Preparing for the unpredictable

With his new briefing looking at the prospects of exit and trade deals with the EU, Mark Dayan runs through what it might all mean for different parts of the health service.

Blog post

Published: 07/11/2017

Preparing for BrexitThe Brexit negotiations are high political drama with the direction of the UK’s history at stake. The ending of the story is completely unknown. Government ministers still talk of a range of diverging futures that run from leaving without a deal to trade with the EU on World Trade Organization terms, to the close and complicated deal implied by Theresa May’s recent Florence speech.

With no majority, we cannot even be sure the current Government will remain in control throughout the negotiations, and Labour has a different set of priorities and possibilities. The EU has its own principles and red lines, and is holding back from discussing any future relationship at all until it gets enough assurance on its highest priority issues: money and citizens’ rights.

Destination unknown

My briefing today looks at what these diverging futures would mean for the NHS. The short answer is, a lot.

Health and social care services in the UK will bear the consequences if an exit deal does not enable vital care to continue across the Irish border, and give staff from the EU the security to keep working in hospitals and social care.

A trade deal will determine how much we can keep the benefits of drawing medicines and devices from across the EU – or whether we strike out on our own, with a very different set of costs and possible benefits.

The agreements we reach on customs, and whether we have time to prepare, will determine whether delays and disruption hit hospital finances and vital supplies.

And if the UK will have to leave European scientific and medical bodies, can we find new models for co-operation to benefit both sides?

Supplies for the road ahead

Beyond this, the sector must make the case for decisions within the UK’s control to give it the best possible chance. Migration of nurses will have to be allowed to continue if staff shortages are not to worsen. The NHS will need additional resources to deal with any British pensioners returning from the EU needing treatment here.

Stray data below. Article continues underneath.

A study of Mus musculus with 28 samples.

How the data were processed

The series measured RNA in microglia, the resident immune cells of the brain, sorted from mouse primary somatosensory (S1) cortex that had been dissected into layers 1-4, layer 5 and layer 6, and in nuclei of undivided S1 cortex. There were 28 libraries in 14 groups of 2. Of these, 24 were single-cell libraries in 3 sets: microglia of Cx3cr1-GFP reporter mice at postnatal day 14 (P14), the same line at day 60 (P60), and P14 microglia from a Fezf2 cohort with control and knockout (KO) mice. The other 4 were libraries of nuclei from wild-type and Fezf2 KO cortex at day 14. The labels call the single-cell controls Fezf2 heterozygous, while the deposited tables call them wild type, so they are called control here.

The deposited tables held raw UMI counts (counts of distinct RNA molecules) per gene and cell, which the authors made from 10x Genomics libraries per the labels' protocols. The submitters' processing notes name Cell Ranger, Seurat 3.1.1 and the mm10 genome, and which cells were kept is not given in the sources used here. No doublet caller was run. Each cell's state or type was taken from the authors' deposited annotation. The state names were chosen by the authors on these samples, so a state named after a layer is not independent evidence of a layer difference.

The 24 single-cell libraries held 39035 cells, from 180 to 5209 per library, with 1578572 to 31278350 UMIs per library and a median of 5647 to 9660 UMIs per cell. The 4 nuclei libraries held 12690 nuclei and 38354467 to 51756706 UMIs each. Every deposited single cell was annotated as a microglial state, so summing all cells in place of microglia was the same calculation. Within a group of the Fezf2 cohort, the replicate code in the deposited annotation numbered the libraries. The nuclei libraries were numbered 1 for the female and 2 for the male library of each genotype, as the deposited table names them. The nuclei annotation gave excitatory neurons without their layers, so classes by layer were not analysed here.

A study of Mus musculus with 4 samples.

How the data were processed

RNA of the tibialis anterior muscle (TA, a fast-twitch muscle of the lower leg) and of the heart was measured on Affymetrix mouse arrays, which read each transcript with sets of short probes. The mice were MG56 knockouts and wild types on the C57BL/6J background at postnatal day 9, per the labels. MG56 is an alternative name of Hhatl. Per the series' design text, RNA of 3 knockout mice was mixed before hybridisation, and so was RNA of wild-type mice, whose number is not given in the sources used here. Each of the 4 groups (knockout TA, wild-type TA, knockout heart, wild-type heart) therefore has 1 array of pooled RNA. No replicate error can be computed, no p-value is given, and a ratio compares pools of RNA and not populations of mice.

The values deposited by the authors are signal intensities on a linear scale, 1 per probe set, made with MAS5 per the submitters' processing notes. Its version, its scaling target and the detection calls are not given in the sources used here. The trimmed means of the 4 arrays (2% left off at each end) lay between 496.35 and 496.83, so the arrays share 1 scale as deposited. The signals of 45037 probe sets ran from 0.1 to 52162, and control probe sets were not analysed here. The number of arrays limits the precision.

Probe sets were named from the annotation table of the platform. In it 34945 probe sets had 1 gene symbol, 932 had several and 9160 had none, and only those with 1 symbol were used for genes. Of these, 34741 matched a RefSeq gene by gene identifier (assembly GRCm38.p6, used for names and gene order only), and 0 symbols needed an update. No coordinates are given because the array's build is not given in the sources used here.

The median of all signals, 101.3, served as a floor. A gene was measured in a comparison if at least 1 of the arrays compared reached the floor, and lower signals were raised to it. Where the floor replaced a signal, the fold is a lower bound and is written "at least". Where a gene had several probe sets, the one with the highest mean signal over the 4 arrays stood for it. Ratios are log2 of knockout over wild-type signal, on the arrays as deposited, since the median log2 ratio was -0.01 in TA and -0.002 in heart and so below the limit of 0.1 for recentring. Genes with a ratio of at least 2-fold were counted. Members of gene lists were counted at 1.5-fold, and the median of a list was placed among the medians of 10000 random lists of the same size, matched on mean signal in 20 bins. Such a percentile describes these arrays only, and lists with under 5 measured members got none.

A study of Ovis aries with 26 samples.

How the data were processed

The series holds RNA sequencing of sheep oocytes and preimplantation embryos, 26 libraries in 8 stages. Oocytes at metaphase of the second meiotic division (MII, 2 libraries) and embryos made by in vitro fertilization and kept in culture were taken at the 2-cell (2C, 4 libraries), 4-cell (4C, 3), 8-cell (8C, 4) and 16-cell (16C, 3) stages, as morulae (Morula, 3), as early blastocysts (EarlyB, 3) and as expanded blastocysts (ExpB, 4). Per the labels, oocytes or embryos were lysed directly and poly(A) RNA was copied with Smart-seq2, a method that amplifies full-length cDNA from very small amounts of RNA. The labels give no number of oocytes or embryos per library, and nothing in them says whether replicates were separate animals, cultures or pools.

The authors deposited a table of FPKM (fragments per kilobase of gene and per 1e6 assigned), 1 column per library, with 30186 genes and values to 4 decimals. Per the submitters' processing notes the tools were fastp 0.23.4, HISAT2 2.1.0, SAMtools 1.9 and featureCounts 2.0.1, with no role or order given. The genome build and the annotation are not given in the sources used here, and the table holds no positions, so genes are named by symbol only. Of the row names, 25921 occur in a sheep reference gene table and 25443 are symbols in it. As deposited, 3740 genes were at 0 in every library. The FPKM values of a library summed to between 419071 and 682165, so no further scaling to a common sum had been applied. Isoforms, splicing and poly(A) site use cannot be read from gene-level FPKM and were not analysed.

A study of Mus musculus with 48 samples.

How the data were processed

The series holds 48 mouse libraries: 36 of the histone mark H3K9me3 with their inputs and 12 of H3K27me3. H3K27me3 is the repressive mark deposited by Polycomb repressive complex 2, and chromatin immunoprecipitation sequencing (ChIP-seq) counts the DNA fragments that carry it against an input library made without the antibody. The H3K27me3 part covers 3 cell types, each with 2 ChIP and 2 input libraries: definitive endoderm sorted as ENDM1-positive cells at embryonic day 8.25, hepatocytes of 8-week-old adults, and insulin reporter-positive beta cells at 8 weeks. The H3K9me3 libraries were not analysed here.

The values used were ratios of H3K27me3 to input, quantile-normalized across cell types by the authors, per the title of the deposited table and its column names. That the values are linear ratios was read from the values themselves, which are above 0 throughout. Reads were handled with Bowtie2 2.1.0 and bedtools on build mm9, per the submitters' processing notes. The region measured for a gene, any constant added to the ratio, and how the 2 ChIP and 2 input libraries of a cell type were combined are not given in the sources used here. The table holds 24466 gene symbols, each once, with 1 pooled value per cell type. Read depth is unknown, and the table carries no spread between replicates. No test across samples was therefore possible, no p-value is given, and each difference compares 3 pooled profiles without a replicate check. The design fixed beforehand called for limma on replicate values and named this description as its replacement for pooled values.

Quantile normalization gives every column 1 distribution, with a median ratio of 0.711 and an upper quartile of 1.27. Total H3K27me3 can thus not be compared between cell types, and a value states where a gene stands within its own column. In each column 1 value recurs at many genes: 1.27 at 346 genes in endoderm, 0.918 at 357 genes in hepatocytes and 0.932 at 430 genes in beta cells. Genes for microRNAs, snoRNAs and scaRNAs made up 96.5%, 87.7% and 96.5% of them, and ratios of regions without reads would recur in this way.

Social care funding, already in a critical state with companies struggling to carry on, may need to be even more radically rethought if there was also a need to raise wages to attract more British workers.

Out of our hands

There is an important role for the NHS – the institution the British public look up to most – to try to influence the debate in the interests of services and patients.

But we also need to be realistic. So many of the factors that will determine whether we leave with a workable settlement or not are out of the hands of even the British Government and European Commission. These negotiations are unprecedented, unpredictable and uncontrollable. They will rest on swings in public opinion we cannot anticipate, on manoeuvres in Parliament behind closed doors, and on politics at every level across 27 very different foreign countries.

Be prepared

So the next step in our work will be to explore what health and social care can do to prepare for the unpredictable future.

For staffing, Brexit throws up still more difficulties for a health and social care system already deep in a workforce crisis. Can we replace some of the future inflow of EU staff that we may lose by training more domestic workers, or by making services places where current workers want to stay on? Will this be the shock the health service needs to improve workforce planning so that a situation like this does not arise in the future?

Across science, procurement and working practices, Brexit casts uncertainty across a range of regulations that shape health and science in the UK. This comes just as major new EU laws, on issues such as data protection and clinical trials, are due to come into effect. What steps can we take to be ready if we cannot keep working as smoothly across Europe? Do we want to use the flexibilities Brexit may create to work differently?

Then there is the place of the pharmaceutical and medical device companies that work with the NHS. How can they deal with new obstacles to trade and to bringing in European staff on whom they too have come to rely?

The Nuffield Trust does not have the answers, but we know that the organisations who face these questions directly are working hard on them. In the coming weeks, we will be inviting a selection of people from law, industry and bodies representing health and social care employers to share what they believe we can do to prepare for Brexit – whether it turns out good, bad or ugly.

Suggested citation

Dayan, M (2017) "Preparing for the unpredictable", Nuffield Trust comment.